The Golden Rule: Why Bankers Are In Charge
by Ian Welsh
2014 February 26
The most potent message, and the strongest effect on behaviour, is when someone has the right to create money. Money, in our society, is created by borrowing. Banks and other financial institutions which have the right to lend thus have the right to create money. They have to have some form of collateral, even if that collateral is just an expectation of future earnings “great business idea, we’ll lend you money, and use your expected profits as our collateral.”
This money can be loaned out at multiples of the underlying asset. During the 2000s some brokerages were allowed multipliers (leverage) of over 40%. Even better, often whatever you buy with a leveraged loan can then be used as an asset for another round of leverage, leading to extremely high levels of effective leverage.
Some organizations also have access to very low interest rates: they can borrow at close to “prime” the rate the central bank offers to the very best credit risks. Major banks are amongst those who can borrow at this rate. They can then lend out to other people, again, at a higher interest rate, and with leverage.
If you, personally, could borrow money at 1% annual interest rate, and lend out ten times that, do you think you could make a profit? What is your mortgage rate? What is your credit card’s interest rate?
In theory profits are supposed to be self-limiting. If an industry makes more money than other industries, outsiders should see an opportunity, start up businesses, compete and drive down prices.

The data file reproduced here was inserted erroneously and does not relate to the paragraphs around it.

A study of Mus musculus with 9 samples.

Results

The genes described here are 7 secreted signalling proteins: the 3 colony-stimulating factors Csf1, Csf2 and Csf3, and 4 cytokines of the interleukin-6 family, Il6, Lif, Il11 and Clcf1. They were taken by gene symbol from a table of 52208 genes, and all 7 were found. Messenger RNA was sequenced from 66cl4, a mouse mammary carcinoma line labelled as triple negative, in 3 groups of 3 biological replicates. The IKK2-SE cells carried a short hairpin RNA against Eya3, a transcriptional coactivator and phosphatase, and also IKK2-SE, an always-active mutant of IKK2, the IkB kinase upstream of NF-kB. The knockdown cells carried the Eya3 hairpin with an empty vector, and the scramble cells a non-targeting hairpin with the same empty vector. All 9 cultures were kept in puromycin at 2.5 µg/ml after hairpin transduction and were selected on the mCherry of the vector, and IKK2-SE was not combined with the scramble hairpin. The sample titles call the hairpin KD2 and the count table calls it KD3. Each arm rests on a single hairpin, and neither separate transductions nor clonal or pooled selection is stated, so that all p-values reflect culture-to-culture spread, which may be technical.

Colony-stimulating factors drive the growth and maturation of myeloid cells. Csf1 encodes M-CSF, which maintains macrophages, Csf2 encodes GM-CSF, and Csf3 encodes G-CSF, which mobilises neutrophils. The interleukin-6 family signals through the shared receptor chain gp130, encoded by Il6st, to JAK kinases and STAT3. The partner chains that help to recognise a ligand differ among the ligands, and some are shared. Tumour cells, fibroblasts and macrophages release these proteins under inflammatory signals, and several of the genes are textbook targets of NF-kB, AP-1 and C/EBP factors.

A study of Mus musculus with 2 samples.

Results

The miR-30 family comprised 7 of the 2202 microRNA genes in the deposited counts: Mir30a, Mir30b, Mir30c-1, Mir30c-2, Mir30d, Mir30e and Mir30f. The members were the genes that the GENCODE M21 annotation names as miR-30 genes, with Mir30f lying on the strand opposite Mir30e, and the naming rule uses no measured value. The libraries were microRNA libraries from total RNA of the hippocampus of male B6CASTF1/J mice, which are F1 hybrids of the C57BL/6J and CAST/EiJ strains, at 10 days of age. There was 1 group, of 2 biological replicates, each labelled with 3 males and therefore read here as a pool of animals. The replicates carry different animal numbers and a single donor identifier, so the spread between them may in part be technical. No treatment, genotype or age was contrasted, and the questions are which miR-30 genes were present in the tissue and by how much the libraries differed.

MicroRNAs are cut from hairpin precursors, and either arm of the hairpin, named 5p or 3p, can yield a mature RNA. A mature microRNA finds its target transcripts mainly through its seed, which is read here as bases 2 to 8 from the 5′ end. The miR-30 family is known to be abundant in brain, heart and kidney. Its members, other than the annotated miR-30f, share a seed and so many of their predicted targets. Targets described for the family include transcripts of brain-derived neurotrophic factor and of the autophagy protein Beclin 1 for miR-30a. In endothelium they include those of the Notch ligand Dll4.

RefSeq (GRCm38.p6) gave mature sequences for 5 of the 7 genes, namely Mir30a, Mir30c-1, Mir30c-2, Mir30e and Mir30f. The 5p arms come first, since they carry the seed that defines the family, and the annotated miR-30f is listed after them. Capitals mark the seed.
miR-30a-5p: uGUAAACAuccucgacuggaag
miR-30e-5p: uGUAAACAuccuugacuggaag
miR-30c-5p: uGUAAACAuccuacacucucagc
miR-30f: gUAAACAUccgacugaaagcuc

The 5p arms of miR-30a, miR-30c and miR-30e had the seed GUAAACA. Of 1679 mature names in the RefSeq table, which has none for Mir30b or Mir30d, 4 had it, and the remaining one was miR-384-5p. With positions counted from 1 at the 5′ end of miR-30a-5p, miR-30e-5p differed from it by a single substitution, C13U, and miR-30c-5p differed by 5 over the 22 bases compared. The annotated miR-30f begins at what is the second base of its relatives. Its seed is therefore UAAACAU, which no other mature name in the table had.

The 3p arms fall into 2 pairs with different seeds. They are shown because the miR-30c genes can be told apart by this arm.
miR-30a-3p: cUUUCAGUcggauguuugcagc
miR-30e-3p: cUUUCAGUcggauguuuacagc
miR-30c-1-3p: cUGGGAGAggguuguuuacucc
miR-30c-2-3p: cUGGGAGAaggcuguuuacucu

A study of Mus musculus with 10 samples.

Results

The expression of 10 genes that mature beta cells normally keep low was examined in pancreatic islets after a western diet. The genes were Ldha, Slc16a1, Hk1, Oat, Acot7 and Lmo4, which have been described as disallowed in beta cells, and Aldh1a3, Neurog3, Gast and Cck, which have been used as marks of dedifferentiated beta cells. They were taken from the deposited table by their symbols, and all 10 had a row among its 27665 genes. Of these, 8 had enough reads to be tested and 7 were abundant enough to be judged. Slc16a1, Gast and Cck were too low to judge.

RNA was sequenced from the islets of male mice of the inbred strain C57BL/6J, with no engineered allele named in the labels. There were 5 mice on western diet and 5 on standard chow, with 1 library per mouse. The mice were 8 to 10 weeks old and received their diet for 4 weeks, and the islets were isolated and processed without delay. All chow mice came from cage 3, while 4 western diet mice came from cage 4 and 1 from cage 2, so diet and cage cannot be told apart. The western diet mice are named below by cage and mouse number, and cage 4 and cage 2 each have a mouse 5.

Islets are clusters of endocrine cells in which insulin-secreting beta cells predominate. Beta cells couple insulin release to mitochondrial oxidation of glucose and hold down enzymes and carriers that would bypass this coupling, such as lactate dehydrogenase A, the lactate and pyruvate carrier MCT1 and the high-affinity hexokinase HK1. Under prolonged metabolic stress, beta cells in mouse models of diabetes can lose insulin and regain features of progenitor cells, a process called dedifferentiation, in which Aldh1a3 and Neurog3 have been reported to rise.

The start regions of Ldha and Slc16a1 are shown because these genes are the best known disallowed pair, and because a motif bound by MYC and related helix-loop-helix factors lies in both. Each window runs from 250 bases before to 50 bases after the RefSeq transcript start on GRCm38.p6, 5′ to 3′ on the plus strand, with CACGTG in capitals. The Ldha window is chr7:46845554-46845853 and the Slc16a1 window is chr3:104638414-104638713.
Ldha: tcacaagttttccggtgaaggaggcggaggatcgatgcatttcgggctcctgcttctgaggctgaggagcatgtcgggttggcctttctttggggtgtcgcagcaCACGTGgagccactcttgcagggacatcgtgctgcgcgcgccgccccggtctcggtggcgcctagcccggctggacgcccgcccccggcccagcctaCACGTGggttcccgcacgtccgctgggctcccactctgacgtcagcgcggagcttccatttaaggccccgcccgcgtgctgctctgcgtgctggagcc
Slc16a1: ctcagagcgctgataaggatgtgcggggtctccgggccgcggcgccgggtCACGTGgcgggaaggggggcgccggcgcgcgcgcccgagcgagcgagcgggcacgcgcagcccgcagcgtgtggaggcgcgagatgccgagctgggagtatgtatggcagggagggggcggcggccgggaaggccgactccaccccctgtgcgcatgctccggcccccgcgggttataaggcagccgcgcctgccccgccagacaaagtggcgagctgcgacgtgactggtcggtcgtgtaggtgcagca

In the real world, that doesn’t happen as often as it does in theory, because you can’t just start up a bank with access to the Central Bank’s window. You can’t easily start up new pharmaceutical businesses, because it’s vastly expensive and there are huge regulatory hurdles. And when it does happen, why would you compete? Why not take the outsize profits? Why would you drive down profits? How does that benefit you?
The other check is supposed to be diminishing returns. The more money you have, the harder it is to find something to invest in: you run out of mortgages, or you run out of businesses to invest in which can make those returns. This does work, somewhat. It is at the heart of why the financial collapse happened: there weren’t enough assets for all the money chasing them, so widespread fraud occurred (liars loans, for example) and many people were given loans who couldn’t pay them back, while artificial assets were created which were not worth what they were sold for. Eventually this collapsed, but because the financial industry had already bought the political world, they were bailed out at a cost of trillions.
When you make millions in a few years: enough to live on for the rest of your life, in high style, it isn’t important if you’re driving the firm to bankruptcy. You don’t need the bank or the firm to be there, you’ve already made your mint.
Now, as a politician, if you do what the financial industry (or any other wealth industry) wants, they donate to your reelection campaign. They make sure your friends and family have jobs. They invite you to the best parties. And if you’re defeated, and have voted the right way, well, they’ll take care of you afterwards as well, with a cushy job. Bill Clinton, who deregulated Wall Street, is worth 100 million dollars.
Because bankers control a lot of money, they control what other people do.